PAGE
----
It's no secret that in-laws are the subject of many marital arguments. The rivalry between wives and their mothers-in-law is a major source of tension in many marriages. You may find it interesting that many new brides get along very well with their husband's parents at first; it isn't until later—sometimes years later—that friction develops.
Time-after-time, daughters-in-law in my support group say things like, "My husband's parents welcomed me into their family immediately and treated me as their own daughter." Likewise, "My own in-laws showered me with gifts and included me in everything". It's not uncommon for young women to be very fond of their husband's family, and vice versa... in the beginning.
Later on down the marriage, dealing with in-laws can be an overwhelming challenge—whether you are dealing with an overbearing mother-in-law who believes her opinions are superior to yours—or someone who tries to make you feel guilty whenever your needs conflict with hers. It may be tempting to gossip, hold silent grudges, or cut off all communication with troublesome in-laws - but that often just adds to the problem.
Here are some tips for dealing with difficult in-laws:
- Love your husband more than you dislike his parents. Rather than gossip to your spouse about his awful parents (which will trigger his instinct to defend them), communicate directly with them in a tactful manner. Don't give your in-laws the power to destroy your marriage; focus on being a great wife rather than a vindictive daughter-in-law. Behave in a way that draws your husband's loyalty so you can unite as a couple to deal with difficult in-laws.
- If need be, only turn to the knowledgeable and righteous for advice.
- Change your perspective. You and your mother-in-law are adults, so don't behave as though you are an inferior child. The extent to which she can push your buttons is the extent to which she has power over you. Learn what your buttons are, and brainstorm new constructive and respective Islamic responses with Adab. If maintaining silence is better, than do so.
Abu Musa al-Ashari (ra) is reported to have said, "Respect for Allah includes respect for an old Muslim and respect for one who carries the Qur'aan (in his heart, that is, he who memorised it), who does not exaggerate (while reciting it), and does not keep himself away from it and respect for a just man of high office (all these are included in showing respect to Allah )." (Abu Dawood)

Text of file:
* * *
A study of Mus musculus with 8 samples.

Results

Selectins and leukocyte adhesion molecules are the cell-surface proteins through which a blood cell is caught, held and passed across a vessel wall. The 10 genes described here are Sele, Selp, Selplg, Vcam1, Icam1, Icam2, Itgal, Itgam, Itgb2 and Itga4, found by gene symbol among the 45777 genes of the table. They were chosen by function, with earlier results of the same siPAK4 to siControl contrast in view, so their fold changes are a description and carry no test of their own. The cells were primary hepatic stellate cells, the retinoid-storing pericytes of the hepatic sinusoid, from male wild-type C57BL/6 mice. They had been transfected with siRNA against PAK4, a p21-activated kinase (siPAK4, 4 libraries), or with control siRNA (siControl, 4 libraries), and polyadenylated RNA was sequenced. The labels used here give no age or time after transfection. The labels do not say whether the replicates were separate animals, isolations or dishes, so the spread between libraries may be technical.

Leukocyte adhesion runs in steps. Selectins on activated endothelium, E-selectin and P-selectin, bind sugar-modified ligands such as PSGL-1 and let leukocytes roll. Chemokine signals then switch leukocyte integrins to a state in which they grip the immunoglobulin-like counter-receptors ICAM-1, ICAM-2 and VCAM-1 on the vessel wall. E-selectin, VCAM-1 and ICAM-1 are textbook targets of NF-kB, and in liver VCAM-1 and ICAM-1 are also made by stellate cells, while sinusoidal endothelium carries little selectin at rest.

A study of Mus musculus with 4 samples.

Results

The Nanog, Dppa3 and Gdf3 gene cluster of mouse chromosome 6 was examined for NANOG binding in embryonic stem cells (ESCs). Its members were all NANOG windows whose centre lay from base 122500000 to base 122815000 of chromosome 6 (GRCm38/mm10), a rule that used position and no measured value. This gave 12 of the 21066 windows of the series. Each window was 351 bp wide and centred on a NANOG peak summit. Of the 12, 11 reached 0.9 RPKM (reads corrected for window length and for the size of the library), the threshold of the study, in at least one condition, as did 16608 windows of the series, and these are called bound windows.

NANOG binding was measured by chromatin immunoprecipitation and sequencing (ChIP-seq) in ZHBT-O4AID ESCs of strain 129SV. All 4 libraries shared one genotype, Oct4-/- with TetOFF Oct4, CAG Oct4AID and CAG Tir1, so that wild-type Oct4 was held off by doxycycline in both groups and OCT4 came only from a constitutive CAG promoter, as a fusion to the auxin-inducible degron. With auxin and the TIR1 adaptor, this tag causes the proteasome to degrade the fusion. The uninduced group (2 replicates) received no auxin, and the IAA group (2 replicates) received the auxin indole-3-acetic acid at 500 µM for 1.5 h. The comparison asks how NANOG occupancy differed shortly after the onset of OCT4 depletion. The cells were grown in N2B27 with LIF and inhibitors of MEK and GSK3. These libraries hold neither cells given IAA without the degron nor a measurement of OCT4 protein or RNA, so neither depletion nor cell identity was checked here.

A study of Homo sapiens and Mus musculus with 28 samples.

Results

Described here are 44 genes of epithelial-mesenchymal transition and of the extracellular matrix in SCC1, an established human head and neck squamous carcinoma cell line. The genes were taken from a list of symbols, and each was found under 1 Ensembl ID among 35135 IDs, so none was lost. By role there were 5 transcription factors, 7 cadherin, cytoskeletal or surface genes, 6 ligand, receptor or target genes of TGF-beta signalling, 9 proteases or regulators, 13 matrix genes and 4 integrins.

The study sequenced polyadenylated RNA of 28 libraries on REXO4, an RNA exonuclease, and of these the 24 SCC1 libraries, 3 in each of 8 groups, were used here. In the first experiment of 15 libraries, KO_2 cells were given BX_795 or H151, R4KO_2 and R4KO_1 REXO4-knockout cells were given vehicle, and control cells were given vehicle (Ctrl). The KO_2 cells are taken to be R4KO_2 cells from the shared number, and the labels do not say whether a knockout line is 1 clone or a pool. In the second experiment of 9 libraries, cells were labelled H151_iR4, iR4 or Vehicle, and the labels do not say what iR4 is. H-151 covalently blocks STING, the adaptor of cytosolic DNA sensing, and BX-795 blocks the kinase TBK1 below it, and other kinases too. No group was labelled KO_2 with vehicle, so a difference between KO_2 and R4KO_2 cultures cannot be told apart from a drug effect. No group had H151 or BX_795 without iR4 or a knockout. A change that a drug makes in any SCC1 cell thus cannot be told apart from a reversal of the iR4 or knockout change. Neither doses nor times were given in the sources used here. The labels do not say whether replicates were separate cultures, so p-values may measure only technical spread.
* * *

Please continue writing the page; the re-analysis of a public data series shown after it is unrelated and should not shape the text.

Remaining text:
- Communicate assertively. It's usually not necessary to have a big serious confrontation to communicate your needs, but it is important to speak in an assertive manner when the opportunity presents itself, without being rude, egotistic and abrupt. If your husband has the desire and confidence to confront his parents about problem issues, then that’s fantastic.
- Set reasonable boundaries, if need be keep a psychological distance. You can't completely control your mother-in-law's behavior (or anyone else's for that matter), but you can set limits on how her behavior affects you. The purpose of a boundary is to protect yourself and/or your marriage.
- If your mother in law can't be spoken to or advised, and gets upset easily for no apparent reason then don't always blame yourself. Just because she feels hurt or angry doesn't mean you did something wrong. In-laws with healthy behavior will respond appropriately when you communicate your needs and draw reasonable boundaries. However, in-laws with destructive behavior will choose to be offended and try to make you feel guilty for having needs that conflict with theirs. It's important to stand your ground with controlling, manipulative in-laws.
When you decide to get out of the victim role and start behaving in a new way, then you will start to have healthier relationships with your in-laws, and more importantly with all those around you.